In a piece written just after Newt Gingrich surprisingly won the South Carolina primary and before Rick Santorum even more surprisingly eclipsed him just a week later, Taibbi hits the mark, pointing out that the most entertaining part of the Republican party nomination race is not who wins eventually but to see the oligarchy desperately trying to reassert control of a system that is being threatened with an insurgency by the peasants.
They may be shit for choosing a good candidate for the presidency, but say this for the Republican primaries: They’re fast turning into the most luridly entertaining political spectacle of our time. In an inherently conservative, bottomlessly moneyed, scrupulously stage-managed electoral system designed to preclude chance or weirdness from playing any part in determining our political future, the unthinkable is happening: real drama. This isn’t part of some clever but inscrutable master plan, put on by the hidden hands who run this country, to fool or distract the masses. This is an unscripted fuck-up of heroic dimensions, radiating downward from the highest levels of our society, playing out in real time for all of us to watch. Our oligarchy has thrown a rod.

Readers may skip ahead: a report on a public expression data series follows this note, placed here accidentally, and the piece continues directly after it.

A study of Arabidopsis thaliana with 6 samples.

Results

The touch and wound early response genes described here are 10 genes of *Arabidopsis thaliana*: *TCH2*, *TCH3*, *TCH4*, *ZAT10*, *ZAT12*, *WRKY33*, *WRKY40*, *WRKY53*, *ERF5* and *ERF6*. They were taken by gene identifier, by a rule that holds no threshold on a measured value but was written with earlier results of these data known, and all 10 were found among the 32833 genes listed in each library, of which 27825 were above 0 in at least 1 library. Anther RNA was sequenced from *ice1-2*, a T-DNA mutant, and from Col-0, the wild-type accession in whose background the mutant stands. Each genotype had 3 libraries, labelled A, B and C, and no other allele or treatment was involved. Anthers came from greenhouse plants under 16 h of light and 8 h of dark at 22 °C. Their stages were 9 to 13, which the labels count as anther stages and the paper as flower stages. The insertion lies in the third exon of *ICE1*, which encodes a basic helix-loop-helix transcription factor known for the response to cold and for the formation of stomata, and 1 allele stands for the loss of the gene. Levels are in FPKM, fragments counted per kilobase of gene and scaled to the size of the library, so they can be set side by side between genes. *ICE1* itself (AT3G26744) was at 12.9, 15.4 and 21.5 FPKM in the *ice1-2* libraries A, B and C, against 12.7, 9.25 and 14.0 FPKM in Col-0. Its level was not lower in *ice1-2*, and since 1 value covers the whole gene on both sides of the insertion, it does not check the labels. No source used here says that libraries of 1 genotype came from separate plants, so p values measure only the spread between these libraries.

If Romney is a scripted automaton who could make it through a year’s worth of marital coitus without one spontaneous utterance, Gingrich is his exact opposite – taken prisoner in war, Newt would be blabbing state secrets without torture within minutes, and minutes after that would be calling his guards idiots who lack his nuanced grasp of European history, and minutes after that would be lying to two of his captors about an affair he had with the third.
[T]he GOP chose to snub any semblance of substance, floating one candidate after another – from Donald Trump and Michele Bachmann to Herman Cain and Rick Perry – who could not hold on to the lead for more than a few hours before tripping and falling into the machinery. It now appears that whoever winds up winning the Republican nomination will be a reform-hating friend of the one percent who will happily gobble whatever hundreds of millions of dollars Wall Street has left over to donate to the GOP, after it’s finished lavishing its election-year tribute on Barack Obama. The best we can hope for, it appears, is some truly high-quality reality-show drama. The campaign is a circus like we’ve never seen before. We may get worse candidates, but at least we’re getting a better show.
As with almost all of Taibbi’s work, you really need to read the whole thing. It is hugely, laugh-out-loud, entertaining.